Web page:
New Detroit International bridge on November ballot, but does it matter?
By Peter Samuel
2012-06-21: Opponents of the new Detroit River bridge (NITC or DRIC) that was the subject of an agreement between the government of Canada and the Governor of Michigan June 15 say they now have passed the minimum number of signatures to put the new bridge issue on the ballot in November. The popular vote is on.
An Ambassador Bridge company-backed group named The People Should Decide (TPSD) has been collecting signatures for a vote to amend the state constitution to require a referendum or majority vote of the people for the state government to finance, own, develop or use state funds or resources for any new crossing.
A bridge company official told us on news of the Michigan ballot today: "We're now off the mat and back on our feet (and punching again.)"
But you have to wonder if they're in the right boxing ring?
The prize fight looks to be with the government of Canada now, not the Michigan governor, Rick Snyder. Under last week's agreement (June 15) between Snyder and the government of Canada virtually all the action is now up to the Canadians:
- Canada sets up the Crossing Authority "to design, construct, finance, operate and maintain a new International Crossing between Canada and Michigan"
- Canada's Crossing Authority is also to "design, construct, finance and/or maintain the US Federal (Government) Plaza"
- Canada's Crossing Authority will procure an availability payments public private partner to finance, build and operate the bridge proper
- Canada's Crossing Authority costs include the Michigan Interchange (with I-75)
- Canada has the rights to all revenues including all tolls and "revenue arising from any public private agreement or any US Federal Plaza public-private agreement"
- Canada is responsible for international crossing lands which "means the Canadian Crossing Lands and the Michigan Crossing Lands"
Michigan's involvement is limited to the Governor appointing three members of a six person International Authority (IA) to provide "oversight" of the project. The Canadians appoint the other three IA members.
Nothing required of Michigan
Almost nothing at all is required of a Michigan administration under the Crossing Agreement except vague "support" for the project.
And the Synopsis of the Agreement says explicitly: "The Michigan Parties are not obligated to pay any of the costs of the new International Crossing."
In everything but name this is a fully Canadian bridge project.
The Crossing Agreement was designed precisely as an end-run around the state legislature's opposition to the project.
Initially the Canadians said their involvement in funding $550m of works in Michigan was conditional on Governor Snyder getting legislative support.
An April 2010 backgrounder from Transport Canada headed "Canada's financial participation in the construction of a new Windsor-Detroit bridge crossing" read:
"The Government of Canada has indicated to the State of Michigan that it is prepared to increase its financial participation in the Windsor-Detroit bridge crossing project, up to a maximum of US$550 million. Canada's increased financial participation would be for project components in Michigan that would not be funded by the public-private partnership or the U.S. Government, and will be re-paid to Canada overtime. The increased financial participation is subject to the Michigan Legislature adopting all of the authorizing legislation for the implementation of this project."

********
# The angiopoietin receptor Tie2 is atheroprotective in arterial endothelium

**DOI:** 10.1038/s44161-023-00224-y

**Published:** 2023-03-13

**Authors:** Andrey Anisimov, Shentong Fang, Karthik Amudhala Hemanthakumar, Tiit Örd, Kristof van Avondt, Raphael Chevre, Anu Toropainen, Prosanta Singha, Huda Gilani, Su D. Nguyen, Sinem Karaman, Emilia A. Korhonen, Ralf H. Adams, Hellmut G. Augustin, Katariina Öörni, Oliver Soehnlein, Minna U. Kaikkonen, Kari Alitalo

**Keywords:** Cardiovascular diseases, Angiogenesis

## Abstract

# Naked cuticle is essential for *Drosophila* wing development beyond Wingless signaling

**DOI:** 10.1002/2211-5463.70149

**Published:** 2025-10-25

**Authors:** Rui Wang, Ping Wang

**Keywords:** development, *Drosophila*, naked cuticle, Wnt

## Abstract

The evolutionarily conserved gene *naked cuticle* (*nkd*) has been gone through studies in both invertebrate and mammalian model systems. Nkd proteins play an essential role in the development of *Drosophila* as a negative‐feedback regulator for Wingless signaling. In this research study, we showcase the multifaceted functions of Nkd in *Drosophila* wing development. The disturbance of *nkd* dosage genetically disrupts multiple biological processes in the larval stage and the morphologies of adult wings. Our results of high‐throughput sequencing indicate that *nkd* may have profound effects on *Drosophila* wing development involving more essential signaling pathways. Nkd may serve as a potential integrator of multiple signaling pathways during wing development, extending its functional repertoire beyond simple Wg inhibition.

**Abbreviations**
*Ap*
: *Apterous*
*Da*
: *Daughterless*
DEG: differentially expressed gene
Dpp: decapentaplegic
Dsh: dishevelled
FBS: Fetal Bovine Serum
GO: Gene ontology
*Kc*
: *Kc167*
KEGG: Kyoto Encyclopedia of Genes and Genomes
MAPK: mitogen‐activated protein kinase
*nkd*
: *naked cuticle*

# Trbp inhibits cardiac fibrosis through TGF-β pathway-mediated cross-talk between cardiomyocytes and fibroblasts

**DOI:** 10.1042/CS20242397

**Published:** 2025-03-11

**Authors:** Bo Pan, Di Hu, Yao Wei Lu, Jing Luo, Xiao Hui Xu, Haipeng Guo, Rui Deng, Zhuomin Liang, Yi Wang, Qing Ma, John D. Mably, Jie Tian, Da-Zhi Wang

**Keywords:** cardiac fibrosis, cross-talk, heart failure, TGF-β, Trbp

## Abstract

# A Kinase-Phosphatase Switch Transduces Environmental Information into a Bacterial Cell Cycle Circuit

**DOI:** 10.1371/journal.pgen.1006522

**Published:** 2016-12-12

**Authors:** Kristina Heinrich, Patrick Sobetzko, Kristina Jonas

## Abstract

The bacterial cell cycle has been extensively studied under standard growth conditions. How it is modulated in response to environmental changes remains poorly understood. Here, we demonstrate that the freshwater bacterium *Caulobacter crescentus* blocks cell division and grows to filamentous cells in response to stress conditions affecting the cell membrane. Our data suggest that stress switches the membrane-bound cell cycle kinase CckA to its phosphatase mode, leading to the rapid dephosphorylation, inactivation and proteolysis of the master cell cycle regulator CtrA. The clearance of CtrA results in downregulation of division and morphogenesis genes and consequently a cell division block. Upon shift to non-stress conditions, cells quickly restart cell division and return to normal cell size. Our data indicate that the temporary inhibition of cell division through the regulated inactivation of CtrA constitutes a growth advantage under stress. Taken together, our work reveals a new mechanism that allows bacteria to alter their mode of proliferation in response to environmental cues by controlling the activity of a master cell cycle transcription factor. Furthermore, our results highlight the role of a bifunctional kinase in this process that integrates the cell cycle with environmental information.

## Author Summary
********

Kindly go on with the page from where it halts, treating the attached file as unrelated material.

Canadians simply decided "We'll do it" and Michigan Governor says OK
The Michigan legislature of course has rejected any authorizing legislation and indeed has explicitly barred the use of any state funds for the NITC/DRIC bridge project.
In response the Canadians have simply dumped their previously stated requirement for Michigan legislative support. Recognizing the Michigan Governor is powerless in the matter they have taken on the bridge themselves. All they require is that Michigan officials don't actively obstruct them.
The Ambassador Bridge company may well win the ballot in November. By all accounts there is broad Michigan voter skepticism around the bridge project, and surveys have shown it could fail by two to one.
But the ballot would amend the state constitution to require voter approval for Michigan to build a new crossing. Nothing in the constitution as amended by the People Shall Decide ballot measure requires a popular vote for a new crossing to be built by the Canadians as provided for in the Crossing Agreement.
The ballot reads: "The People should decide whether (Michigan) state government may construct or finance new international bridges or tunnels for motor vehicles. Consistent with this policy and to shield the people from unnecessary burdens, the state shall not undertake ownership and the development or use of state funds or resources for new international bridges or tunnels for motor vehicles unless first determined to be necessary and appropriate by majority vote of the people."
The Crossing Agreement between Snyder and the Canadians doesn't require the state of Michigan to do any of these things - no financing, no construction, no ownership, no development. The Canadians are doing it all.
The bridge supporters seem to have won this round.